By Neely Tucker
Washington Post Staff Writer
Friday, December 29, 2006

There is an old saying that you don't know who you are in this life until you get knocked down.

Betty Ford has been getting knocked down for a long time, by things that ruin lives and flatten people. Divorce. Cancer. Alcohol. Addiction. And now, the death of her beloved spouse.

She has always taken the punch and done it one better. You would not want to go to the wall with Betty Ford on resilience. She didn't become the most admired woman in America during one of the most turbulent periods in national history because she made nice. She was so admired in the mid-1970s, and is beloved by a wide swath of the nation today, because she was bluntly honest and because, after everything life has thrown at her, she never quit.

"Betty Ford did things that public women hadn't done before, not just first ladies," says John Robert Greene, one of her biographers. "She had three debilitating diseases -- arthritis, alcoholism, cancer -- and she survived all of them."

Now 88, she will be in Washington once again this week for the processions and funeral for Gerald Ford, the football star she wowed back in Grand Rapids, Mich.

Hemingway, a man who wrote well but lived badly, famously described courage as "grace under pressure."

This has not been Elizabeth Ann Bloomer Ford's forte. Pressure ate her up.

She suffered from the solitude, while her husband traveled as congressman and vice president and president. With recurring pain from a pinched nerve in 1964, and the prescription pills she became addicted to. Raising four kids almost alone. Breast cancer. The Watergate-era laser light of media coverage. She drank. Popped Valium. She was late to everything.

Her great strength was to beat all of that. She was more like the rest of us than many public figures like to let on, human and flawed, not bulletproof and immune. And she was open about all of it, the depression and foibles and addictions and brandy, and it touched a country polarized by cynicism and the government mendacity of the Nixon years.

She had a breast removed, a devastating emotional and physical blow. Here was her response: She invited photographers into her hospital suite and let them photograph her in her housecoat. She then became a national spokeswoman for cancer awareness, for the importance of women doing self-examinations. When asked how she would handle her daughter having a premarital affair, or her kids smoking marijuana, she said she'd talk with them about it.

"They brought such a sense of humanity back to the White House," Sheila Rabb Weidenfeld, Betty Ford's press secretary during her years as first lady, said yesterday. "They were real people who lived there."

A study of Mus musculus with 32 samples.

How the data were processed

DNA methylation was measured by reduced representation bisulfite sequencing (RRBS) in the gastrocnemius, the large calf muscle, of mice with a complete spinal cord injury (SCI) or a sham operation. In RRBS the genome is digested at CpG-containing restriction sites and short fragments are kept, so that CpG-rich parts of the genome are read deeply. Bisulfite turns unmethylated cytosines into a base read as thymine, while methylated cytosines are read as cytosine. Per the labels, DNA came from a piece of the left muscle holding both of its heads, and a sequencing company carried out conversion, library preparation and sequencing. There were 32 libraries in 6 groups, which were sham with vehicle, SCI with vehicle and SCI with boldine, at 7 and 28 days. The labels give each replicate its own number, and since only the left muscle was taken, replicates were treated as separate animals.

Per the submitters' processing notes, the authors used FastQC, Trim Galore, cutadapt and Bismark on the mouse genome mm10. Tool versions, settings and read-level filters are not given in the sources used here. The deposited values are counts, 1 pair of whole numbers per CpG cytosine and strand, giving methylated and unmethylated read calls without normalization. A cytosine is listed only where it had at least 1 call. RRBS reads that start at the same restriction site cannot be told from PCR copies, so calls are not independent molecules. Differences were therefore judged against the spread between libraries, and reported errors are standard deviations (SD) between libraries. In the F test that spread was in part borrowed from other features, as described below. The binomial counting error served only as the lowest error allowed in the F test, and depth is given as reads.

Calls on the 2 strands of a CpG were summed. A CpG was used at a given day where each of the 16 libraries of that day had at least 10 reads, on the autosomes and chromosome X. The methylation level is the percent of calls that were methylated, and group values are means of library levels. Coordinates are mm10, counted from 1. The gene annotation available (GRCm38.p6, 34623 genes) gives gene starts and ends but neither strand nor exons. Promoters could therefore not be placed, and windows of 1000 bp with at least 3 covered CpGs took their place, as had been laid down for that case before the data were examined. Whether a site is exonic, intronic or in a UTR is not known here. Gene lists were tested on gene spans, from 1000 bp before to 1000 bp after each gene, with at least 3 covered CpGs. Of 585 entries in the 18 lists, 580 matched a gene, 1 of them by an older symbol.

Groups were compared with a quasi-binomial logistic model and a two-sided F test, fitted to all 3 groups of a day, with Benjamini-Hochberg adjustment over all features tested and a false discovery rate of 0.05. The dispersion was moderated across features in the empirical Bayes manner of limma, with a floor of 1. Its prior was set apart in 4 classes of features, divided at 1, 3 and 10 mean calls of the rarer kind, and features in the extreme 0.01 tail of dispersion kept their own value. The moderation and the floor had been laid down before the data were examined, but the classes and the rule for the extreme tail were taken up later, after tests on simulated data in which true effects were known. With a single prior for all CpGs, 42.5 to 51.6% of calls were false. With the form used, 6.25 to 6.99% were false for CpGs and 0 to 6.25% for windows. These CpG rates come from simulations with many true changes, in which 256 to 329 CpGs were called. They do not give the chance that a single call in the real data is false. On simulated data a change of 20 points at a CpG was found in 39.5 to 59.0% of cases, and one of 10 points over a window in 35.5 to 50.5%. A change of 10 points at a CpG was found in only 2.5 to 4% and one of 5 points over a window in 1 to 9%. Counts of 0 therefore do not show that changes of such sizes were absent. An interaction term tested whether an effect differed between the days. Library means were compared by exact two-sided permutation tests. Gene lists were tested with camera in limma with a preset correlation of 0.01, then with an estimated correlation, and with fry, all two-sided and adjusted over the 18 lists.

Betty Ford was born in Chicago and, although Episcopalian, was raised in the predominantly Dutch Calvinist town of Grand Rapids. Her dad, Bill Bloomer, was a traveling salesman for the Royal Rubber Co. He was successful and always gone, and he drank and drank and drank. He died when she was a teenager, either the result of an accident in the family garage or suicide by carbon monoxide poisoning.

She was headstrong, a tomboy. She smoked cigarettes at 14. She played hockey and football with the boys, until her brothers made her stop. She was beautiful and blew off the idea of college to move to New York to become a dancer for Martha Graham. She returned home, married and divorced before she was 30.

The first time she had a date with Jerry Ford, it was for a drink in a bar. (In a McCall's interview in 1975, she said reporters had asked her everything but how often she slept with her husband, "and if they'd asked me that I would have told them." And her answer? "As often as possible.")

Later, on the national stage, she spoke up for women's rights and for abortion rights: "It has to be understood that that there are extenuating circumstances where a woman must have the right to make decisions about her own body."

In 1975, she was one of 11 women Time magazine named "Man of the Year" that year. She topped Good Housekeeping's poll to determine the most admired woman in America. People named her one of the three most intriguing people in the nation.

But by 1978, a year out of the White House, the painkillers and the alcohol were eating her up. Her family called a meeting and presented her with the ugly truth. She was not pleased. When the doctor told her she was a "a drunk," the former president later recounted of his wife: "She was mad as hell."

She managed to detox at a naval center, then founded the Betty Ford Clinic, a rehabilitation center ($21,000 for 30 days) that is the premier such institution in the country. Her name became synonymous with recovery from drug and alcohol addiction. Took a punch, gave back one better.

She never made any bones about her struggle.

"I liked alcohol, it made me feel warm," she wrote in her autobiography, "Betty: A Glad Awakening." "And I loved pills, they took away my tension and my pain. So the thing I have to know is that I haven't got this problem licked; to my dying day, I'll be recovering."

In November 1987, when she was 69, she underwent quadruple-bypass heart surgery. It required pain medication, but she had to wean herself off it quickly, lest she become addicted again.

"There were a lot of sleepless nights where I just walked the floor."

And now, she'll lead the nation through the mourning of her husband, partner and friend.

You don't have to wonder how she'll handle it.

Resilience. You can't fake it. Not for a lifetime.